Food and Exercise Diaries

When I work with clients who wish to change their eating habits, I usually ask them to keep a food diary. Food diaries can be kept for any length of time, but for anyone committed to lifestyle modification a food diary becomes part of their daily routine. Research studies have demonstrated that people who track what they eat and when they exercise are more successful at sustaining long-term changes.

Food diaries have many purposes. Here are a few of their benefits for those of you trying to change your eating and exercise habits:

  • They identify food triggers such as times of day, circumstances, or people that trigger your eating.
  • They track calories so you'll know how many calories you eat in a day. Those handfuls of nuts or extra dressing really add up.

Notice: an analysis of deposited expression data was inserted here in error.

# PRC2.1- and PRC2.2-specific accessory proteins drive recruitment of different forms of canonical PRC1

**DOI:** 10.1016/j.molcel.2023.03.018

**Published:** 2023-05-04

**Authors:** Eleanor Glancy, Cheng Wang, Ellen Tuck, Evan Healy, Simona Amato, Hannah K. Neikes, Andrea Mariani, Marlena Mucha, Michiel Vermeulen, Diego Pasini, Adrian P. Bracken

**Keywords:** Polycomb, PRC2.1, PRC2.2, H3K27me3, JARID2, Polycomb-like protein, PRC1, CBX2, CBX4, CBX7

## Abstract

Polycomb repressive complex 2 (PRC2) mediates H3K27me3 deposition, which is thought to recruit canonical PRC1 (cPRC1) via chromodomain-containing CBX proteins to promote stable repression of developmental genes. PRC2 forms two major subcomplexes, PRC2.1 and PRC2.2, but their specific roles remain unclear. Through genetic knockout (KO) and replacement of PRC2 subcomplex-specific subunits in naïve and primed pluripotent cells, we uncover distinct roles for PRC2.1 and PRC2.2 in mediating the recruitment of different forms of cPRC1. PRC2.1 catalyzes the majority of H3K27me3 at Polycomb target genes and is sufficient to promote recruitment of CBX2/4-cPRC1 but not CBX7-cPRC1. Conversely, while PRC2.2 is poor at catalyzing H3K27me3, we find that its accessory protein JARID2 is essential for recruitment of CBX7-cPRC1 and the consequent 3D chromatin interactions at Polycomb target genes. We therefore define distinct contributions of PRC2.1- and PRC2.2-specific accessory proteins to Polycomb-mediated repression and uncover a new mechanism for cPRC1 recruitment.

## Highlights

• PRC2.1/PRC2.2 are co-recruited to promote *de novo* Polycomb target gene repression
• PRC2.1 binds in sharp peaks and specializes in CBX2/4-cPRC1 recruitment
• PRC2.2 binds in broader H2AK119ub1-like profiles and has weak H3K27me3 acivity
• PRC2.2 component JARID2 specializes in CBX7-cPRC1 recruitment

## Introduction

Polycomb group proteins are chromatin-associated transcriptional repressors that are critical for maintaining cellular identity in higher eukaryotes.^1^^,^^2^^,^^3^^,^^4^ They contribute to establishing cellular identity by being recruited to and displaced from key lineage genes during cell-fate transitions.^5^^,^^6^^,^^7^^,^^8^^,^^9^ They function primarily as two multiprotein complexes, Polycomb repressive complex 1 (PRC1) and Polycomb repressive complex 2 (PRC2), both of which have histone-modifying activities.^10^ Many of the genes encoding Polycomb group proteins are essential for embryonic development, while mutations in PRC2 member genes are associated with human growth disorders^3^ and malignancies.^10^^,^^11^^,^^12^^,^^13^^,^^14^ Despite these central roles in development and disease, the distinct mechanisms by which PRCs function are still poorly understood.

• They reflect exercise. Note how much time you spend exercising and in other physically active or demanding pursuits. Household activities, such as vacuuming or gardening, can be beneficial even if they are not part of an exercise program.

If you want to start a diary, there are many possible formats and lots of free samples available online. Here are some things to remember for recordkeeping success:

  • Write it down NOW. Record as you eat it or do it. You won't remember everything if you wait until the end of the day.
  • Record your drinks. Beverages are frequently a source of hidden calories.
  • Track portion sizes. You won't always know the portion size, but make your best estimate or write a comparison. For individual items, record how many you ate (10 chips, 5 cookies).
  • Track what you are doing when you eat. You may find that watching TV or reading a book increases the amount you eat.
  • Record the extras. Gravy, dressings, cheese, and other toppings can really make the calories add up.